Just a Simple Wrench
by Ann & Jake Snyder
Since Interstate 57 might be described as tedious at best, we would like to share an alternate route with those who might have the occasion to travel by MG between Chicago and Champaign. Several years ago, we were among a group that Barney Gaylord led back to Chicagoland after the Champagne British Car Festival. We have used his route ever since, as have several other CMGC members, and, with Barney’s permission, we would like to describe it for everyone else. As a common embarkation point, we will use the junction of I 55 and IL 53, which is known to many club members as the meeting point for caravans to the now-defunct Utica, IL go-kart track. Follow I55 south to exit 238, the first Braidwood exit, and take IL 129 into Braidwood. Turn left onto IL 113 and proceed through the southeast corner of town, then 1 mile due east. Turn onto Essex Road, the first major road to the right. According to a penciled notation on one of our older maps this is also County Route 41. Passing through Essex, watch on the right for an assortment of colorful and fantastic metal sculptures.
(Click for larger 125K image.)
Four miles south of Essex, turn right onto IL 17, then turn south again after 1.5 miles (the second left) on Cabery Road (Co 18 or 1800W). After 4 miles there is a junction with IL 115 (4000 S), where you will continue straight, onto IL 115. This is the route that you will follow for the next 42 miles. You will pass through Cabery and make a couple turns as you pass through Piper City. You may want to stop in Roberts at the Sundae Drive to see what the ice cream of the day is. One year some club members who had stopped there en route to the CBCF were invited to see a large collection of exotic cars that is stored there. IL 115 ends at IL 9, which you can take east (left) to Paxton, and then turn south (right) to take US 45 to Urbana-Champaign. Alternatively, since the road actually continues south where 115 meets 9, you can proceed south there, but within a short distance, the surface becomes gravel. We have tried a few of the tertiary roads that lead south from IL 9, but have not yet found an alternative to US 45 that matches the character of 115. We mean to look for such a route each year as we drive to the CBCF, but typically it is getting late in the afternoon by the time we reach Paxton, and we are anxious to get to the Alumni Tap and the company of other British car enthusiasts.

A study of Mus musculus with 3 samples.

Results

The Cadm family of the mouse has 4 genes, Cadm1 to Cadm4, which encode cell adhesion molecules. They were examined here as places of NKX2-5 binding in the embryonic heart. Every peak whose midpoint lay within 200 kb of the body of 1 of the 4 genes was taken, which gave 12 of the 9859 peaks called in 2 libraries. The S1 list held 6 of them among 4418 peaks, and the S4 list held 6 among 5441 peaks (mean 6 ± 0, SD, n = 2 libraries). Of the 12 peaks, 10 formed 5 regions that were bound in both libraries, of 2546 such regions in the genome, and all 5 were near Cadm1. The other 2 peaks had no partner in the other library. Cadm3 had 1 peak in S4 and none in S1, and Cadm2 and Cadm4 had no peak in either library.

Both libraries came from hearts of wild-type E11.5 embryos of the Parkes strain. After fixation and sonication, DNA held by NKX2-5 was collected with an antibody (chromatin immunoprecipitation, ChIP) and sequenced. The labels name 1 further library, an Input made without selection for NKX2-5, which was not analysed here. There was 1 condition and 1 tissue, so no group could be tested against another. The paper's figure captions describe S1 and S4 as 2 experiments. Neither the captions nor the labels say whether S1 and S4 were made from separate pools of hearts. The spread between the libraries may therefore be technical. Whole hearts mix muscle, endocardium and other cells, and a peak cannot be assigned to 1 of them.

You might question the point of a secondary route such as this. After all, isn’t the gold standard for a good driving road one with as many hills and curves, preferably in combination, as possible? Strangely, we have found this nearly straight route to be very enjoyable. For miles, you will find few other vehicles travelling in either direction. Admittedly, you must be alert for the spring and fall migrations of indigenous species of farm equipment of all sizes. With that exception, this route can be very fast. More importantly, when driving the expressway, you are isolated from the landscape, while on this route you are immersed in it. On our most recent trip back north along this route, the vista ahead took on an almost surreal quality, with the sun-lit highway bright as it receded to a horizon dark with storm clouds. You hear roadside red-winged blackbirds and smell recently-mown front yards, not diesel exhaust. There is the lure of crossroad place names like Charlotte, Campus, Melvin, Kempton, and Thawville.
Years ago we heard the term “shun-pikeing” used to describe taking a road trip via secondary roads that parallel the routes of the interstate highways. A great example of this was when Reinout and Henneke Vogt led a caravan the NAMGBR convention in St. Louis via old Route 66. Everyone has favorite roads- why not share yours by sending it to Barney for the Driveline? It could become a regular feature!